Review: “Dawn” by Octavia Butler

As a lifelong sci-fi geek, I thought I’d seen every variant of alien contact narrative the genre had to offer, from the invasion epics to the misadventures of benign visitors to thinly veiled social allegories. Even the enjoyable ones often rely on predictable tropes. But Dawn, the first installment in Octavia Butler’s Xenogenesis trilogy, captivated me from the first pages with a vision unlike any other I’ve encountered.

Lilith Ayapo awakens to discover the final world war ended centuries ago…and the human race along with it. She’s survived as a specimen on board an extraterrestrial ship. Her captors, the equanimous Oankali, call themselves traders, and their wares are their genes. They blend their DNA with that of other species they encounter, conferring advantages like improved health and longevity while propagating their own traits.

With Lilith as their ambassador to the others they rescued, the Oankali plan to reintroduce homo sapiens to Earth. Lilith doesn’t completely trust her new acquaintances, but learns to interact with them as an individual. When she begins awakening other humans, however, dangerous group dynamics take hold. Not everyone is willing to accept the aliens, or their plan to alter the future of humankind.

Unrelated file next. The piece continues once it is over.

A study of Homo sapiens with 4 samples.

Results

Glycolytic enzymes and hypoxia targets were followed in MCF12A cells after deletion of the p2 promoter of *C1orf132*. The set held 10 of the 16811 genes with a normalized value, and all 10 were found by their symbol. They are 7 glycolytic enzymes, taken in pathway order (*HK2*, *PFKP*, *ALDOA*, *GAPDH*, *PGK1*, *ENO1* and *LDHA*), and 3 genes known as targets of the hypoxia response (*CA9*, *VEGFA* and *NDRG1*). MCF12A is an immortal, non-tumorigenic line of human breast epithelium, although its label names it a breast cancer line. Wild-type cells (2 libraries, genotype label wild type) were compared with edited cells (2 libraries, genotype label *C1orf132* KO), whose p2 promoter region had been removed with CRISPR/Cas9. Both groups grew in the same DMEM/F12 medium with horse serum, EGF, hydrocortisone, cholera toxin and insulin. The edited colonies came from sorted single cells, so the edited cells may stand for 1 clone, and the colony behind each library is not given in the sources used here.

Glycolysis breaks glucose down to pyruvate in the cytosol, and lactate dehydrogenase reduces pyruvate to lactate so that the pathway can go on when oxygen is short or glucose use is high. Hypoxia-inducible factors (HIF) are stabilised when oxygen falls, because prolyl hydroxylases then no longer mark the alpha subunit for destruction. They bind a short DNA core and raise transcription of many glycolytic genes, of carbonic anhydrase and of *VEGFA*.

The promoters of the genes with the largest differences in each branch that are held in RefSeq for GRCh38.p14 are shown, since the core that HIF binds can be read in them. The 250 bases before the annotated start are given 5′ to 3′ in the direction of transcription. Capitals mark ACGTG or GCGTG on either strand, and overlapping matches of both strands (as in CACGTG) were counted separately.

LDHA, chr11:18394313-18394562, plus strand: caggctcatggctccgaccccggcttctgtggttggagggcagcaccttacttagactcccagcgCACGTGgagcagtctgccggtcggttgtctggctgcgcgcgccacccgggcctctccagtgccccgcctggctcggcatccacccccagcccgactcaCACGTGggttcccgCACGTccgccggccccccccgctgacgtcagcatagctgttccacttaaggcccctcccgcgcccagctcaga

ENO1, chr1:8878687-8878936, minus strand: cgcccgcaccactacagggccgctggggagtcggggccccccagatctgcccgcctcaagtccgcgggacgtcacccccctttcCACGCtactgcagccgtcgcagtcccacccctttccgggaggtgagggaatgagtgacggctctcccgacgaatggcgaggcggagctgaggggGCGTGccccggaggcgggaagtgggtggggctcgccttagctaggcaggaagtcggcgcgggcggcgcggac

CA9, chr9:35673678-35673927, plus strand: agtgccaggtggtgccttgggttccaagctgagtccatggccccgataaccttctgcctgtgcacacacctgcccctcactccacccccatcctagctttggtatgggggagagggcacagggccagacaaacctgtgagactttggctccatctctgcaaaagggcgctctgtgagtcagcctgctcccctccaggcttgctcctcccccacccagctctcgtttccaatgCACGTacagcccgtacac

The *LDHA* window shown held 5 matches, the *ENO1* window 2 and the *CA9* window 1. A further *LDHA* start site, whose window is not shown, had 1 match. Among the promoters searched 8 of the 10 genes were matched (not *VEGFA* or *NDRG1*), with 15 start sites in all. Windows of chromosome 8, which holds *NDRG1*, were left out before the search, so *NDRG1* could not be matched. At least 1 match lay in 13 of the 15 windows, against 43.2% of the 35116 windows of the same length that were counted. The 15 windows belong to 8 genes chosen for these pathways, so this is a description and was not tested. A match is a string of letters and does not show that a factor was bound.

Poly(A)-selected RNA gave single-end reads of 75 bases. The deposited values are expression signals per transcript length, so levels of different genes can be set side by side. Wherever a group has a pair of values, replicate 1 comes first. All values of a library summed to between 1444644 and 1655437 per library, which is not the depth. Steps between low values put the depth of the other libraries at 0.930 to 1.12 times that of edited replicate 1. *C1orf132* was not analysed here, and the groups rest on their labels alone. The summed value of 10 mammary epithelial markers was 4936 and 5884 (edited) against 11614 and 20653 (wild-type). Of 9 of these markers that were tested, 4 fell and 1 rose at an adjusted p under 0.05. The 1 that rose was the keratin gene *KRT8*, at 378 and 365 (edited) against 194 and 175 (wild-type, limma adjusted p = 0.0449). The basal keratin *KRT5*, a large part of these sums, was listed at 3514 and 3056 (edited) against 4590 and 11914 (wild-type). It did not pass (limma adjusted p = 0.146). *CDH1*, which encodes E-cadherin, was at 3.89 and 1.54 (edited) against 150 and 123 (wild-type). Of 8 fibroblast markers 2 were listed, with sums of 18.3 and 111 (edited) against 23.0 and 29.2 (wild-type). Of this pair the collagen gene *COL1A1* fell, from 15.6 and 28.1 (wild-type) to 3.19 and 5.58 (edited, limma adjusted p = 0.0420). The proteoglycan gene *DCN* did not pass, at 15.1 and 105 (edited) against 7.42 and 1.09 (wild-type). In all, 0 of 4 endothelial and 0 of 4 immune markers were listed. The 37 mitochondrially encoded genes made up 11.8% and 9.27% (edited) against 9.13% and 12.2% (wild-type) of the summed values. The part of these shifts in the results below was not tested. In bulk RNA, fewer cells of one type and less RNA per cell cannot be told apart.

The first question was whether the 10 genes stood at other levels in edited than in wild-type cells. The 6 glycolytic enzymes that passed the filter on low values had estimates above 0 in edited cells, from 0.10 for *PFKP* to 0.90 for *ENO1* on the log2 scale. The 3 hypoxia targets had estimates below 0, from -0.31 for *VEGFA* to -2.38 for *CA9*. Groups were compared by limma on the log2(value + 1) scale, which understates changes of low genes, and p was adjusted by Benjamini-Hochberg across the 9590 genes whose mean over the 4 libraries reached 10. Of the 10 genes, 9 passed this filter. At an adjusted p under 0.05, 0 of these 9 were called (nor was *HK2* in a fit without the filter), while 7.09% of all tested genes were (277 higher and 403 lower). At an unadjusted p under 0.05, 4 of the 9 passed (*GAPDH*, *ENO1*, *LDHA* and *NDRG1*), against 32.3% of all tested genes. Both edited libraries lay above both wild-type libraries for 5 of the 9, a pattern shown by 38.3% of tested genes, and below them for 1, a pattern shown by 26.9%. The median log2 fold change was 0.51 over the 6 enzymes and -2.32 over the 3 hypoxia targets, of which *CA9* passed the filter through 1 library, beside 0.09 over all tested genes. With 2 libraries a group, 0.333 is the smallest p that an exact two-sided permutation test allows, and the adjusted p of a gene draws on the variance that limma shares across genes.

Although the plot is largely unadorned with twists and turns, Butler’s mastery of human psychology creates absorbing drama. Lilith is an empathetic heroine with keen powers of observation. We share her initial revulsion at the Oankali, her evolving curiosity about their world, and her ruthless determination to prepare the other humans for a primitive lifestyle on Earth.

In some ways, Dawn is really a survival story, exploring the physical and emotional resilience of the nearly extinct human species. The inevitable question of biological humanity versus compassionate humanity becomes a bit heavy-handed towards the end, but it doesn’t detract from the narrative’s impact. Sci-fi fans will enjoy the introspective take on the first contact theme, while readers who might otherwise eschew a book about aliens will appreciate Butler’s quietly epic examination of the human spirit.